Pension splitting is designed to let couples with pension income average their income to take advantage of the lower of the two tax brackets. Many people think that you transfer a pension income from the spouse with the higher income to the other spouse and then split the amount - that would make the two incomes equal or similar in a way that would be most beneficial to the family.
Does this sound correct? Maybe, but only in certain cases. Our tests show that over 70% of couples would NOT get the maximum overall benefit this way.
  1. The average income approach only applies to couples whose situations and claims are similar, e.g., both are under or above 65 years old, both are claiming or not claiming medical expenses, both non-refundable credits are similar, etc. In this case, as long as you can move the two incomes into same tax brackets, any split amount can get you the maximum;

    If you can't place the two incomes into the same tax brackets even after you have split the maximal amount, then the maximal split is the best.

  2. If one spouse is under 65 and the other spouse is not, chances are the two incomes could never be in same tax rate. In this case, if spouse A is 65 years or older, you should make A's income lower than B, but not to the point that it falls into a lower tax bracket. If you also have medical expenses, you should let A claim medical expenses, unless you live in Ontario, where you should always test and see because no simple rule works for all.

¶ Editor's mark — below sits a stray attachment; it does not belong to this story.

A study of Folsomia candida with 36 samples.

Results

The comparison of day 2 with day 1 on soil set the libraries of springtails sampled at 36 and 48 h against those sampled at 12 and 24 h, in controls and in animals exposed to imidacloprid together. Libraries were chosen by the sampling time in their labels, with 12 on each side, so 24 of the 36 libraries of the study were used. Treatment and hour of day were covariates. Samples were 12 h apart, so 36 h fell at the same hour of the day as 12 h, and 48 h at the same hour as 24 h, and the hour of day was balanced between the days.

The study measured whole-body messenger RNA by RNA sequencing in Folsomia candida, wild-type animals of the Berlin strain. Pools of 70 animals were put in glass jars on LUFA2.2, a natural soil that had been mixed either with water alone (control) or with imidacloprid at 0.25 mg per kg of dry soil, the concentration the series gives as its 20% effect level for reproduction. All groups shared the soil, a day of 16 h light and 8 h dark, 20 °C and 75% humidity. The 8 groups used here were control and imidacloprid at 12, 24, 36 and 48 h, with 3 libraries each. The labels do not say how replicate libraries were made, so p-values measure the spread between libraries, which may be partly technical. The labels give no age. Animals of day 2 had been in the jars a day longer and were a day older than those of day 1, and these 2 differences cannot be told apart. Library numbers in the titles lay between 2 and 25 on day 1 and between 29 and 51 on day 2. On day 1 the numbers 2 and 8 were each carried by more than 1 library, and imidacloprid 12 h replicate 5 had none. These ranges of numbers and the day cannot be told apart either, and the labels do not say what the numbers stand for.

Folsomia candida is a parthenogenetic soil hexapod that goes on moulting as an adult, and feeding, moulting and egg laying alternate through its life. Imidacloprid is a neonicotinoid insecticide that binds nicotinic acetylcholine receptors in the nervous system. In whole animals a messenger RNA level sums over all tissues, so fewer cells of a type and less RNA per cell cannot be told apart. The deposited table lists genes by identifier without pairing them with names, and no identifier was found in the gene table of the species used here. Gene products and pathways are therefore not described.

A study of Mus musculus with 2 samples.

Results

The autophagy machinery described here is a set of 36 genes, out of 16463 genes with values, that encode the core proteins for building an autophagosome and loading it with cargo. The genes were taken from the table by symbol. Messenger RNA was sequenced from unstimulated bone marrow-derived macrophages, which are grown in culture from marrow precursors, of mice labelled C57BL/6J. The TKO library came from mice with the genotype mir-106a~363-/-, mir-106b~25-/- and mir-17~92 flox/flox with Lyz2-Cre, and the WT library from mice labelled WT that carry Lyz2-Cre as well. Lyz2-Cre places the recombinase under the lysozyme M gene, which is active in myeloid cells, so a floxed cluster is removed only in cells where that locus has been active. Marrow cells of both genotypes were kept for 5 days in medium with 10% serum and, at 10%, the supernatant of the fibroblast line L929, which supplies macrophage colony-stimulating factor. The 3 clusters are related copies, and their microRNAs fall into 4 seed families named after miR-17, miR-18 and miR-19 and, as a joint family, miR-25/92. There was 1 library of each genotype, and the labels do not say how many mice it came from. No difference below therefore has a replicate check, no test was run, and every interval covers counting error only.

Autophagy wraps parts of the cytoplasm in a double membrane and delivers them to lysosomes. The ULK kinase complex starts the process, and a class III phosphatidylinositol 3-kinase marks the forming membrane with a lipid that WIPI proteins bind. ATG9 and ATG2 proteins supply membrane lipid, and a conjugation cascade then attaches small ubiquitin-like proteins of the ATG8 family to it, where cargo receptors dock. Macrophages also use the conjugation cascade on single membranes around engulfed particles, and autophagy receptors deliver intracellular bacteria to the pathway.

3. If the higher income spouse has no pension income but the spouse with the lower income (A) is receiving a certain amount of pension, pension splitting from lower income to higher income can also increase your family refund, even if A's income is so low that no taxes are paid.

  4. If spouse A has extremely high income but only a small part of it is pension income, if the other spouse (B) has more than $2,000 in pension income but little other income, or if the pension income from A will become ineligible pension for B, then even if B's income is so low that no taxes be paid, no splitting should be made.

  5. In Ontario, there are surtaxes, tax reductions, health premiums and so on. The marginal tax rate is very complicated and can seem very wild. A low-income person having a higher tax rate is not very rare. In this case, you really need to get very clear about your tax situation to find out what's the best for you. There are no simple rules to tell you what to do here.
In Situation #1 referred to above, the same tax brackets are easy to find and you can easily get to a optimal split amount. In all the other scenarios, it is difficult to find your actual tax rate and, most likely, there is only one split amount that can give you the maximum tax refund, and one dollar less or one dollar more will make you get less.
Also, if one spouse has carry-able tax credits, which means that if you can't claim them all this year, you can claim the rest in future years. Then, when you compare the total tax refund, these credits should be taken out.
No matter how complicated your situation is, Tax Chopper can always predict the maximum refund pension split point for you. And no other software can do the same. That means Tax Chopper can give you a bigger refund than any other service.